The World’s So So Vocabulary Game

Software Evaluation:

Title: The World’s Worst Pet

Publisher: Curriculum Associates, LLC

Subject Area: Vocabulary, English language aligned with the Common Core

Summary: Four games that introduce students to over one thousand Tier Two words.  Activities follow a narrative and include a reward system. 

Ease of use: I believe a child could use this with minimal to no help at all.  The game provides instructions before each mini game.  Instructions include a demonstration and the opportunity to replay the instructions.  The interface is very intuitive with clear objectives and instructions.  If you use a word incorrectly or don’t follow the directions, the game prompts you to try again and provides a hint.  For example, one game asked for the opposite word of sweetly. When I used joyful, which is a synonym not an antonym, I was given the definition of sweetly to help me find the correct answer.

Skill Set: I believe the game is targeted at 9-12 year olds.  The student must possess basic vocabulary skills.

Program Design Features:

Control of Pace: Yes                                         Individual Use: Yes

Reviews/Help: Yes                                            Use with Pairs/Small Groups: No

Ability to Backtrack: Yes                                    Printer Use: No

Levels of Difficulty: Yes                                      Test/Record Keeping: Yes

Physical Interface: Yes                                      Add-on Option: Yes

Speech Features: No                                         Scaffolding: Yes

Childproof: Yes

Program Comments:  The objective of the game is to teach students Tier Two words (words that they may not come across in everyday vocabulary) through a series of games.  Each game has a theme, for example, weather, music, etc. The first game provides the student with a sentence and then a list of words.  You’re instructed to pick the word that best fits the sentence.  The second game provides the student with one word and asks you to find the synonym.  The third game asks the students a question and asks them to pick the words that best answer that question.  The last game gives the students a word and asks them to pick the antonym.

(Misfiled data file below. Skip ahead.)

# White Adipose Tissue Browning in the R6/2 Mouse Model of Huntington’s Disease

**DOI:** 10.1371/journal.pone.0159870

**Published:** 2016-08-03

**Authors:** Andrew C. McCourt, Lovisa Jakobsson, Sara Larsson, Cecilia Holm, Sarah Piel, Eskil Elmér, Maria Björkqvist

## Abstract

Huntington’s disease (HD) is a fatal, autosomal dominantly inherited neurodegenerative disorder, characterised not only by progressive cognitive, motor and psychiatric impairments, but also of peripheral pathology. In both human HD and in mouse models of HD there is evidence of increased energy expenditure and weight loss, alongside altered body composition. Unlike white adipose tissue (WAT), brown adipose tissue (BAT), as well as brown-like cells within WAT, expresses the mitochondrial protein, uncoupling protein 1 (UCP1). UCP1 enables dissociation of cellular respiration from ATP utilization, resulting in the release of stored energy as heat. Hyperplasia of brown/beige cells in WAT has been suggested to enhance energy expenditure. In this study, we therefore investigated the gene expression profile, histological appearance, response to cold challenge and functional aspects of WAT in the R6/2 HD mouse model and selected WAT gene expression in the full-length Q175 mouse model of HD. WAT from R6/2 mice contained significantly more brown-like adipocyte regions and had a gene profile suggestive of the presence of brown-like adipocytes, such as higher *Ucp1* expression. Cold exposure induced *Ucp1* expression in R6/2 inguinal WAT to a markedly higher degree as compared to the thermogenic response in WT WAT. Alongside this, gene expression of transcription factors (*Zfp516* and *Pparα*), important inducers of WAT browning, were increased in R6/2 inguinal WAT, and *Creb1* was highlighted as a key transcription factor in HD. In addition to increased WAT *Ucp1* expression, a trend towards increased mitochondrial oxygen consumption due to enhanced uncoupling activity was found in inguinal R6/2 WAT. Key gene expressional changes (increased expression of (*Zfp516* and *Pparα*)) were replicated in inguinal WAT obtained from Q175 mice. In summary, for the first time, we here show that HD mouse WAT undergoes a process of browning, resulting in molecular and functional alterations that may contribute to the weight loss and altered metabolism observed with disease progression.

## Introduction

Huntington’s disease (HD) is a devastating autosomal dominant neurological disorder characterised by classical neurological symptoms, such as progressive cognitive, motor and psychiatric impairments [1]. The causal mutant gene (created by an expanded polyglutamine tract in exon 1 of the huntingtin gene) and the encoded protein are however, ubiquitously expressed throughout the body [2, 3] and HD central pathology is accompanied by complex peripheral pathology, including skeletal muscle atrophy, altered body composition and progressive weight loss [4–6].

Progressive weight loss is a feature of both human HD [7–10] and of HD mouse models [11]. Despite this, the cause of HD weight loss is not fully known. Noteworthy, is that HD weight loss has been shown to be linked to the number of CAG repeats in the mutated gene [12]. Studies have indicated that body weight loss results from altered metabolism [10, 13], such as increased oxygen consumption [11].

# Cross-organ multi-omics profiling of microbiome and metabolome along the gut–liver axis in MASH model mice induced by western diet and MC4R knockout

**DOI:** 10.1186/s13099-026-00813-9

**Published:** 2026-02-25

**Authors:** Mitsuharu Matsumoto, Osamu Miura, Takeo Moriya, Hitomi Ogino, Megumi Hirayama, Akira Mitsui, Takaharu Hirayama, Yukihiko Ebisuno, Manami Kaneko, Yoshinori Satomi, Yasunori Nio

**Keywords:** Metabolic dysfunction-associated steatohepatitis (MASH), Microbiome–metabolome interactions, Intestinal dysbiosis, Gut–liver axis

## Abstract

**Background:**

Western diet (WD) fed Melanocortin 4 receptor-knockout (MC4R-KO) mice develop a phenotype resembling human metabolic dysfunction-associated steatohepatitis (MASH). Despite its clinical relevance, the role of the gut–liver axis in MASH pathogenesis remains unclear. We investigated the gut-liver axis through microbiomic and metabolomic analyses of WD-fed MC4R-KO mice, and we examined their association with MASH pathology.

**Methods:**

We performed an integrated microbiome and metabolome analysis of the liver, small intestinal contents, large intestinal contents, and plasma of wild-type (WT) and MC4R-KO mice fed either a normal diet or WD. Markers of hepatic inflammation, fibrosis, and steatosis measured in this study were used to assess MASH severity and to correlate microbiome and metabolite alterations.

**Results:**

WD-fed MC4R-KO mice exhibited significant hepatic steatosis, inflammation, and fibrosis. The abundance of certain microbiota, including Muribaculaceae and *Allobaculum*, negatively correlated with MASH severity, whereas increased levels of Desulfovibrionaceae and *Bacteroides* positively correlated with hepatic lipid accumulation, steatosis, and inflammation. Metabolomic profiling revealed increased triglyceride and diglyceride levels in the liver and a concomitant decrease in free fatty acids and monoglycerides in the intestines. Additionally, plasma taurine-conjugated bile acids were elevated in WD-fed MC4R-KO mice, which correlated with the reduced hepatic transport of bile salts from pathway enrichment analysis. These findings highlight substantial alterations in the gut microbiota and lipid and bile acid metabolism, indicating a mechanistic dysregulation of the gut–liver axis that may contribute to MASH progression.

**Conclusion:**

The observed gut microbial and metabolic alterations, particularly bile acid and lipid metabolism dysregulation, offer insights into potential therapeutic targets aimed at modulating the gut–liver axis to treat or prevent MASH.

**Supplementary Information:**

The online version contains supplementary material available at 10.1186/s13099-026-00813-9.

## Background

Image

Problem Solving Skills: Choices/Multiple Answers, working backwards, identifying relationships, interpreting data, stimulate imaginative thinking, using trial and error, ability to transfer skills and knowledge to contextual situations, transference of skills

Fun Factor: In my opinion the game is fairly entertaining, or at least at first it is.  It’s difficult to create an engaging game about vocabulary so I applaud the effort.  The game takes the flash card approach but uses narratives, gamification, and interesting graphics in order to make the experience enjoyable and memorable.  I think we can all agree that this game is better than your average flashcards.  These words are more likely to stick because students aren’t just memorizing them.  They’re using them in a fun and engaging way.  The game does have replay ability, especially if you don’t earn all of the ‘pupcakes’.  There is also a timer and the opportunity to earn badges.

My main concern with the game is that you could potentially win without having learned the words at all.  For example, you could win by guessing because there don’t seem to be any consequences for using the incorrect word.

Supplementary Materials: At the end of each level, the game provides a writing prompt and encourages students to use the words they learned within the essay.  This is not implemented in the game, but I could envision teachers incorporating that into the lesson.  It is an excellent way of providing supplemental material.Image

Follow-up Activities: Since the game already provides supplementary material, there are not any that I would recommend.  However, I found myself wishing that a game like this existed while I was studying for the SAT or GRE.  Learning vocabulary words, especially for a standardized test, is incredibly frustrating.  Like I mentioned above, memorization does not actually help a student absorb and integrate that vocabulary into daily life and is therefore not an appropriate learning tool.  Yet, it remains the most common when learning vocabulary and languages.